No one can explain how this simple motif touches us so deeply. Perhaps it’s because our ancestors stared at the same sky. Being imprinted into our collective memories, it evokes feelings rather than opinions.
Before widespread rural electrification less than a century ago, most folks lived on farms, and moonless nights were absolutely crammed with stars. Maybe that’s why today’s city skies seem so Blade Runner-alien. In the Big Apple, no more than 30 anemic stars appear at a time. Our sense of wonder isn’t stirred by seeing a star, but rather lots of them together. It’s all or nothing. My experience is that people start to find the heavens beautiful when they show at least 500 stars at once.
We’ll get that here this Christmas weekend. Cold air is super-dry, and the winter stars – peppering the east – are the year’s brightest. A single brilliant yellow-white “star” dominates the west the first few hours after nightfall; that’s Jupiter. After 9 p.m., the blue Dog Star Sirius, to the lower left of Orion, becomes the dominant light. Then, a couple of hours before dawn, Venus rules. Always one dominant entity.
Want to see if your own skies are in the “excellent” class? Okay: Away from any town, can you see Orion’s belt, in the east, being surrounded by innumerable faint stars, like a swarm of fireflies? Then you’re in the sixth-magnitude realm and possess the full guaranteed 2,600-star inventory. Try this on Christmas Eve before 7:30 p.m. or Christmas night before 9 p.m. to avoid the Moon.
But it’s not just sheer numbers alone. To look great, stars need contrast. In bright ‘burbs, stars float against a milky background that’s inspirational for nobody. So the other vital factor is the degree of darkness between the stars.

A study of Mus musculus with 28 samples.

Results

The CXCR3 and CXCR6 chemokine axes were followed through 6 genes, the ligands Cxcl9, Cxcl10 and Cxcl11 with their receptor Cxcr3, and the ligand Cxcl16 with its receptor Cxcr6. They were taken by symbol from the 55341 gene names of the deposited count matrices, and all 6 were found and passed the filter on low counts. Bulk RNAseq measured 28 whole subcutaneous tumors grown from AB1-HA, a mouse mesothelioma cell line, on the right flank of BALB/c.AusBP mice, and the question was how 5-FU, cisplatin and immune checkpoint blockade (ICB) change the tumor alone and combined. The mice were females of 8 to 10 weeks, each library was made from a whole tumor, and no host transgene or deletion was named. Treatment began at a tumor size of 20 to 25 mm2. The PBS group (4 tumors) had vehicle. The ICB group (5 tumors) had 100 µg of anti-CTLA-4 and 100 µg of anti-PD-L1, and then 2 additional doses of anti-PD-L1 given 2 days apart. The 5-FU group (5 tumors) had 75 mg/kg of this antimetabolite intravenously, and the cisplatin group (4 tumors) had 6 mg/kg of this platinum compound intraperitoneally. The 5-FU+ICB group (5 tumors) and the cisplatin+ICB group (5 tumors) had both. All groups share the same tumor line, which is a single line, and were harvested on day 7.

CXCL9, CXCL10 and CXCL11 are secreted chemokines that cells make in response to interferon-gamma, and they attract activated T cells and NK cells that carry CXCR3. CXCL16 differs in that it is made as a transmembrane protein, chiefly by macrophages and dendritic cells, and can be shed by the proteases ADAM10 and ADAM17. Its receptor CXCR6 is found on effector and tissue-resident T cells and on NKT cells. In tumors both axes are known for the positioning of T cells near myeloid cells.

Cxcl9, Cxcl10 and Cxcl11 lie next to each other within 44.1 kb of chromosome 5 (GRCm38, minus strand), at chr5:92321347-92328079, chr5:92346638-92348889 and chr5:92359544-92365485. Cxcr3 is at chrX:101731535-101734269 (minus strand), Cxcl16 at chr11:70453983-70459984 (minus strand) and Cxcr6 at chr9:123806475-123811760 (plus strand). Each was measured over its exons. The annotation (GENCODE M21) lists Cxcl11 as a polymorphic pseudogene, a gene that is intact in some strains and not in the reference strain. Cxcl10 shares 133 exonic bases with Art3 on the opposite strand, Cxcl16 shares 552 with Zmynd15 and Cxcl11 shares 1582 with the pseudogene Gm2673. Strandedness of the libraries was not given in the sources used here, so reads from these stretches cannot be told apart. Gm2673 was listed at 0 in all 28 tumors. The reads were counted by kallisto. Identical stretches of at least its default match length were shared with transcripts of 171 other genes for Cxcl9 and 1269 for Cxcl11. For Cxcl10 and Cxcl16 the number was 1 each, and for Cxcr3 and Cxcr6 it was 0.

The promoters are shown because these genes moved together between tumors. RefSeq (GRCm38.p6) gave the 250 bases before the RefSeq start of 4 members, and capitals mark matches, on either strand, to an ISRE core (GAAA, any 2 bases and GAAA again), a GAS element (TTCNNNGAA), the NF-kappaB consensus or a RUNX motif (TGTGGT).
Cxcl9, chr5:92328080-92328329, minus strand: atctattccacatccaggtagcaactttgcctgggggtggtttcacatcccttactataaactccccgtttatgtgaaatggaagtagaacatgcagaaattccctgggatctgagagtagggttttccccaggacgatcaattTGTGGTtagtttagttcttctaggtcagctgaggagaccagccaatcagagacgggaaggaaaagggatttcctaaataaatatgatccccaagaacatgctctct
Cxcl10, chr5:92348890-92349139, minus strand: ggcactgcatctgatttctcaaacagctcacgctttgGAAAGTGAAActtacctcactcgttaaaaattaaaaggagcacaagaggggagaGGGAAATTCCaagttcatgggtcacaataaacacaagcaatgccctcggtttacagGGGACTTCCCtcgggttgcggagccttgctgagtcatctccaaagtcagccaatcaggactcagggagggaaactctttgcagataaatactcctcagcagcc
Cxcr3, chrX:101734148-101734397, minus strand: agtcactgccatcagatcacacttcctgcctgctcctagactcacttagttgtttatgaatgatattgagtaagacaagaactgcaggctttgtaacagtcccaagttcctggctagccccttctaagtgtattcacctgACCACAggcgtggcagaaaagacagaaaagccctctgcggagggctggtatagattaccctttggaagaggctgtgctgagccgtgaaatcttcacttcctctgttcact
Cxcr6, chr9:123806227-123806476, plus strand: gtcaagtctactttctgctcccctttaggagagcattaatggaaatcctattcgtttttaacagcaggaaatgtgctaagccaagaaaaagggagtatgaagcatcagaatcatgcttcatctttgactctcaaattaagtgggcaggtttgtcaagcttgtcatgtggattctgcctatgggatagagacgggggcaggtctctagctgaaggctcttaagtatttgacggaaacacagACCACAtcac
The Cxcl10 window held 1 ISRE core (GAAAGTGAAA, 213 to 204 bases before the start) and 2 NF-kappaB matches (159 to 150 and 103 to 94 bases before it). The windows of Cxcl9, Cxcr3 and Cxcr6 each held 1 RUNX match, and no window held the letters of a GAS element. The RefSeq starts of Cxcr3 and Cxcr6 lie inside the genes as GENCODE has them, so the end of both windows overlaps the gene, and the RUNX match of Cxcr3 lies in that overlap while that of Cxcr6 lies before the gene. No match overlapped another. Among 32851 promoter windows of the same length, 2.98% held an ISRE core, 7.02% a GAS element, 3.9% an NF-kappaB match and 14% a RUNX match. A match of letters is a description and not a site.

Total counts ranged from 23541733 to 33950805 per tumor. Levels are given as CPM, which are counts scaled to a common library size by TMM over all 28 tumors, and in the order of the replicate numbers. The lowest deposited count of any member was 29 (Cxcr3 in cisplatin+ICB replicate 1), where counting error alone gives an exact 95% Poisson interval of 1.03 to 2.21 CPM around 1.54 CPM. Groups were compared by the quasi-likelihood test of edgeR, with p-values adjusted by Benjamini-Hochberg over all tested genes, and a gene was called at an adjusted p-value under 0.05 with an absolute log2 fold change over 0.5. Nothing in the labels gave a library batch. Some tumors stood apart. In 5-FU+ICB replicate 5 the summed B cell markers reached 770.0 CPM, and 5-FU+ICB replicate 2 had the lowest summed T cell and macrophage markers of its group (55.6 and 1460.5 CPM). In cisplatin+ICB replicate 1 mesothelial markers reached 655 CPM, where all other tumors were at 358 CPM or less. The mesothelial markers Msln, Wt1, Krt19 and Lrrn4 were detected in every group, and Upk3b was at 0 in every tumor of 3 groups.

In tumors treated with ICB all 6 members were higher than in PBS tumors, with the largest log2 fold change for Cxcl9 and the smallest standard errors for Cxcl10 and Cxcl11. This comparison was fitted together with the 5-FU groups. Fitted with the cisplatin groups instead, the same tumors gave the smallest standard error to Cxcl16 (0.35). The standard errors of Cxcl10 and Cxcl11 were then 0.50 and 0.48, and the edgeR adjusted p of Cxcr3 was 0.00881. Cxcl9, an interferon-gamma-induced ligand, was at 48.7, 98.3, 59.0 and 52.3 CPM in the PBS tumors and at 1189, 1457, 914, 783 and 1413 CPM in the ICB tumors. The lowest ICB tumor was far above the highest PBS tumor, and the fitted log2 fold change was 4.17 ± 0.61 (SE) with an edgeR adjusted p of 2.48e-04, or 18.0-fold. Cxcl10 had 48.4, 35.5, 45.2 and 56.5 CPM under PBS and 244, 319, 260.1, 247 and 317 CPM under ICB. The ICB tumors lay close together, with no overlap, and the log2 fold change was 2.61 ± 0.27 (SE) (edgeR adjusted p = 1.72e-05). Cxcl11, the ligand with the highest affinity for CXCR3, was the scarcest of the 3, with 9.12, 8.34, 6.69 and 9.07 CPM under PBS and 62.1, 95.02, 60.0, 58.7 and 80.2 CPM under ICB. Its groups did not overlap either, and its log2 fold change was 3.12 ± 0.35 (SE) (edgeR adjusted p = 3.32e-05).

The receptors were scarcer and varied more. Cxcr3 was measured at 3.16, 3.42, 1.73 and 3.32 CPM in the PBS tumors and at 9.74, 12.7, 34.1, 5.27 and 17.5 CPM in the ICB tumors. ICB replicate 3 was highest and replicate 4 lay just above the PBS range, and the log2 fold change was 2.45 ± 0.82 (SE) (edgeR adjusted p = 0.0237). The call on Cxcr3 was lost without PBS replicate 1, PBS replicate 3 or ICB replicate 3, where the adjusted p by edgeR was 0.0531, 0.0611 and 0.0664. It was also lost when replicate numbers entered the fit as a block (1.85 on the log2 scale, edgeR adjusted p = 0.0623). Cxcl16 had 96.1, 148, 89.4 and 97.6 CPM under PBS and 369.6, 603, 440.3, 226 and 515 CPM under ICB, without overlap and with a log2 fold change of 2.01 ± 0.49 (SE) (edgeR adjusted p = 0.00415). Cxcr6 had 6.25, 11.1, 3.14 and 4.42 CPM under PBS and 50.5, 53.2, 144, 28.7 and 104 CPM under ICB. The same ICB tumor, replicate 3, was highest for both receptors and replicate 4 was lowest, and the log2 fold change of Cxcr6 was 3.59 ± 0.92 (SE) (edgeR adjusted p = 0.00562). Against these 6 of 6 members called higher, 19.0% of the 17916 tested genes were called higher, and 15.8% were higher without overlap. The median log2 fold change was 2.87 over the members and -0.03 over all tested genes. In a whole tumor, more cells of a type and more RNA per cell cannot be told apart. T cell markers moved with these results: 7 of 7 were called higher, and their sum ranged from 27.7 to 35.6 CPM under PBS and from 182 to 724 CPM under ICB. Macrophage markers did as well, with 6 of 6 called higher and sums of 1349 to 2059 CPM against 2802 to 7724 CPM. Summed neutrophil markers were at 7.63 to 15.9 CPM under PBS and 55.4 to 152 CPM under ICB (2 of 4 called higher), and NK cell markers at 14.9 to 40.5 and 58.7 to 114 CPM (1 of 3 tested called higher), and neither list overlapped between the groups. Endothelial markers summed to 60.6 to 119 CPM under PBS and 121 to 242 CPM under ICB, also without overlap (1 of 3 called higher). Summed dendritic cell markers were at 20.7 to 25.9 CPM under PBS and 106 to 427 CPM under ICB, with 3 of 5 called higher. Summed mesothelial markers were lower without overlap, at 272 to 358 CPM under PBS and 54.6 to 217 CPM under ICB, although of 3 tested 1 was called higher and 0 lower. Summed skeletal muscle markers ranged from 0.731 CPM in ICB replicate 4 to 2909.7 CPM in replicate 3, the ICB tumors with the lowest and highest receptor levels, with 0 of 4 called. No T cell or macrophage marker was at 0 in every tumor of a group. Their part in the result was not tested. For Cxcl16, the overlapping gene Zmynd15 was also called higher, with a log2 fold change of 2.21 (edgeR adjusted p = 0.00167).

The sky’s background can be unpleasantly bright from man-made lighting or simply high humidity and a fat Moon. When all these are thankfully absent, the biggest natural contributor to celestial milkiness is airglow. Caused by our atmosphere’s atoms fluorescing from solar ultraviolet (UV) energy, its intensity varies enormously. From 2006 to 2009, the sun’s UV emissions were at their lowest of the past century, which gave us the darkest night skies that we have ever seen. The new sunspot cycle #24 is starting to crank up the solar UV, so let’s enjoy these final months of intense sky-blackness.
Alternatively, you can go to places like Crestone, Colorado at 8,000 feet, where the air is not only bone-dry, but you’re also above a quarter of the atmosphere. Result: sharply reduced airglow and an inky darkness between the stars, paid for by your increased radiation exposure. (No, nothing is free.) Such a wondrous vista, resembling sugar sprinkled on black velvet, has been forever cherished by such disparate skywatchers as the desert-dwelling Arabs who named the stars and the magically mad Van Gogh who painted their portraits.
Finally, let binoculars take you from 2,600 stars to 35,000. Look at Orion’s belt or the Pleiades: beyond-words-spectacular. Moreover, the optics’ three-magnitude brightness boost changes your eyes’ color cutoff. Humans cannot perceive colors in stars fainter than third magnitude, which means that the “Seven Sisters” look white. But binoculars make them seem first-magnitude, and now their pastel blue is obvious.
Imagine loaning Hipparchus or Kepler a modern $30 binocular! They would have been your best friend forever.
So, yes, on so many levels: Who lives better than us?